More than once here I’ve shared what we see as we begin to come down The Mountain, our view from the crest of the steep grade above the subdivision road. Deb and I often pause there, whether we’re in the truck or the Jeep, in the Ranger or on foot.
Our most recent image of the vista, included here, is from mid-November.
Skies were clear and the air was dry Saturday afternoon when we caught that view on our way out. The eastern shoulder of Hall Mountain dominates the scene, close enough and high enough to screen what’s beyond, but for the first time we saw a distant feature peeking above Hall’s lower ridge.
It’s actually visible in that November image, dead ahead. We just hadn’t noticed it before.
I made a mental note of the peeking peak’s bearing. When I got back to my computer in the bus, I pulled up a topographic map and drew a line on that heading, beginning at our perch on the road and looking for the first prominent candidate.
What I found was Hip Mountain — ten miles away in Baxter County, on the other side of the White River. At 970 feet AMSL its summit is 46 feet higher than our vantage point, 33 feet lower than the summit of The Mountain.
A higher peak, Fletcher Mountain on the east bank of the White, is a mile closer but it’s hidden from our view by Hall Mountain.
I love this landscape. Our surroundings fascinate me. There’s much more to learn and see, and I intend to keep my eyes open for the next discovery, and the next.
“The natural progress of things is for liberty to yield, and government to gain ground. As yet our spirits are free. Our jealousy is only put to sleep by the unlimited confidence we all repose in the person to whom we all look as our president. After him inferior characters may perhaps succeed and awaken us to the danger which his merit has led us into.”Thomas Jefferson, from a letter to Edward Carrington (1788)
One word I use regularly in describing our Home on The Mountain is “isolated.” I’ve talked a lot about how “remote” it is (or feels) up there. That might sound like hyperbole, I guess, considering the times in which we live. I’ll try to explain.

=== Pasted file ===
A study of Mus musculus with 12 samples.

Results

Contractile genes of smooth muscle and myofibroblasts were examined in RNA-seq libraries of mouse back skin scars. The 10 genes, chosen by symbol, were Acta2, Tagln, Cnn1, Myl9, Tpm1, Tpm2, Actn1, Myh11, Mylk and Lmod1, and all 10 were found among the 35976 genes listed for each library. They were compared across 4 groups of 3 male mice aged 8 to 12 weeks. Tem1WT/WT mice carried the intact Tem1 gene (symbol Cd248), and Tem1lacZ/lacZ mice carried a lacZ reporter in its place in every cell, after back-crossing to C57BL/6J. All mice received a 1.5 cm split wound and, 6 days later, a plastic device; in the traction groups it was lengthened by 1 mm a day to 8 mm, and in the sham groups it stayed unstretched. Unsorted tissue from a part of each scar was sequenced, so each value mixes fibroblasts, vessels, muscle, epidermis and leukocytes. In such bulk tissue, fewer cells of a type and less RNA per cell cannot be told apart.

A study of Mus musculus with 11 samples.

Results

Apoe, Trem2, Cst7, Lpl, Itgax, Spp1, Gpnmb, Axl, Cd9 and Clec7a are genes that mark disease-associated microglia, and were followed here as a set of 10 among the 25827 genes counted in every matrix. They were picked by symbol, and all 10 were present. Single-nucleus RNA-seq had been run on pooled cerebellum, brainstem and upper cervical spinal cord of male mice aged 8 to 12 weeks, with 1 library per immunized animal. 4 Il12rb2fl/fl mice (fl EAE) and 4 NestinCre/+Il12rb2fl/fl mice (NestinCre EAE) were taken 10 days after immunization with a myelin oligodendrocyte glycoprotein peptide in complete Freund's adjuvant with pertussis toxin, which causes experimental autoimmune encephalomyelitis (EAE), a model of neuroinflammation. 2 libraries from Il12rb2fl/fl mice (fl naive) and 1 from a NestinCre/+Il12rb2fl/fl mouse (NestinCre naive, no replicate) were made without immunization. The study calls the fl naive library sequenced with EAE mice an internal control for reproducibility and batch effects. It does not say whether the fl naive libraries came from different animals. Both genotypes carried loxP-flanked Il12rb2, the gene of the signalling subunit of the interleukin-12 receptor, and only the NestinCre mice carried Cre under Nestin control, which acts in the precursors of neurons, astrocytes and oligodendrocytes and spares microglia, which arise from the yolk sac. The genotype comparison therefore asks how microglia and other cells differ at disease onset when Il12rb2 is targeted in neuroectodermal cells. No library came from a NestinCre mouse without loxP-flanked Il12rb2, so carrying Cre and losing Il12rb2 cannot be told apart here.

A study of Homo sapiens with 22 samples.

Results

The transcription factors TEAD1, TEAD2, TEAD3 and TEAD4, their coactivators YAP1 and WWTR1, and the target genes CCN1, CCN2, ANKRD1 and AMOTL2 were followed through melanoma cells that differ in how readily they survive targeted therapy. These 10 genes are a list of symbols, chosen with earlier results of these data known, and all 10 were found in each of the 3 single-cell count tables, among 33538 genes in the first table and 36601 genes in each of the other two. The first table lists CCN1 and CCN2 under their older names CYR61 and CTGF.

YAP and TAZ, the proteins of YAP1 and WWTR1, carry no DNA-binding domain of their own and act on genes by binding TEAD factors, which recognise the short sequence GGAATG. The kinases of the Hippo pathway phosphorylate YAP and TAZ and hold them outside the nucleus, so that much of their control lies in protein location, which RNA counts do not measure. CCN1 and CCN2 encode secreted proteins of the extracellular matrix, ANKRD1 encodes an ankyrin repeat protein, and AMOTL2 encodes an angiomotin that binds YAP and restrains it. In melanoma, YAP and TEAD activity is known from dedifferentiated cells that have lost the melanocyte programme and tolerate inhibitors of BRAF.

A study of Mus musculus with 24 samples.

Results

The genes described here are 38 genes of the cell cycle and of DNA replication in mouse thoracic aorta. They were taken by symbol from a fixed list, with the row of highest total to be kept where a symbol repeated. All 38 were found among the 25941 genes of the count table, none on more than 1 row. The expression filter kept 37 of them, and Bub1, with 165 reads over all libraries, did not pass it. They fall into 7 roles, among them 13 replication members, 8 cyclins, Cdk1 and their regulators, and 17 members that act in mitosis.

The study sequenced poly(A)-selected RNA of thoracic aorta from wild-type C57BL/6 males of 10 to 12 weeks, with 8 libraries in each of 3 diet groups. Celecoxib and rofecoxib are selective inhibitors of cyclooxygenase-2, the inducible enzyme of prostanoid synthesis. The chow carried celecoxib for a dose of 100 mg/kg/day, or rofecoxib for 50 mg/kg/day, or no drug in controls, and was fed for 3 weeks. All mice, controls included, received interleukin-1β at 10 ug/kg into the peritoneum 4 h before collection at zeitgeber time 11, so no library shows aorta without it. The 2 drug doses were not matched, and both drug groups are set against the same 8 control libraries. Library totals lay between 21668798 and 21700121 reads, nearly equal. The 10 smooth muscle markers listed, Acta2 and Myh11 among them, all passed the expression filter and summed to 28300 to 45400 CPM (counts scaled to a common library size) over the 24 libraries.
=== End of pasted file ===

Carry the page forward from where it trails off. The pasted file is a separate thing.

The Mountain is wild but not wilderness. The settlement of Polebridge, Montana, for example, is 22 statute miles from the nearest numbered state highway, and it takes an hour’s driving to cover the 35 miles to the nearest town (Columbia Falls). Polebridge is completely off-grid, surrounded by true wilderness.
Our humble homesite in Marion County, Arkansas is just two miles, as the bald eagle flies, from the closest highway. The seven-mile trip to town, either Yellville or Flippin, can be done in 15 minutes. (Mountain Home, with a population of 13,000 and more services, is 20 miles and a half-hour away.) We have electric power on our road. Though our property is undeveloped and hosts a variety of wildlife, it’s not what I’d call pristine.
So no, we’re not as “isolated” as some high-country Montana hideaway. But when we compare it to Second Chance Ranch — within the city limits of a town of 24,000, only 1,500 feet from a state highway and four miles from an Interstate — The Mountain feels like the moon.
What’s more, the sense of remoteness is natural. It’s neither manufactured nor contrived. It wasn’t created by walls and gates and rules. The land itself, the terrain and what covers it, is what separates The Mountain. In a way it’s its own physical province, more boondocks than backcountry. This is The Sticks, undeniably rural, more dirt than pavement “Way Out Here.”
And then there’s the culture. That’s a chicken-egg thing — maybe the land originally gave rise to the culture, or perhaps folks with a certain constitution were drawn to this kind of land. Either way, the two are intertwined now.
The character of the land is preserved by those who inhabit it. To the extent that The Mountain and the surrounding territory are remote, the People are keepers of the isolation we enjoy.
And yet the world never stops intruding, or trying to. Ozarkansas is by no means an island. Its barriers, physical and cultural, aren’t impenetrable. The toxins of modern life, popular culture and politics have a way of poisoning perfection.
I heard yesterday that America is on track to be invaded by three million illegals this year, maybe more than that. Inevitably some of them will make their way to Marion County, Arkansas.
I doubt they’ll stay.
On the homesite last Wednesday as the sun went down, the world — our world — was peaceful. We stood away from it all. Dark mountainsides were our silent sentinels. Should an intruder have been bold enough (and foolish enough) to make his way our way, we knew we could count on our like-minded neighbors.
Up there we are, in the best possible sense, isolated.
That’s what I’m talkin’ ’bout.
Take care of yourselves, Patriots. Stay calm. Stay sharp. Stay free.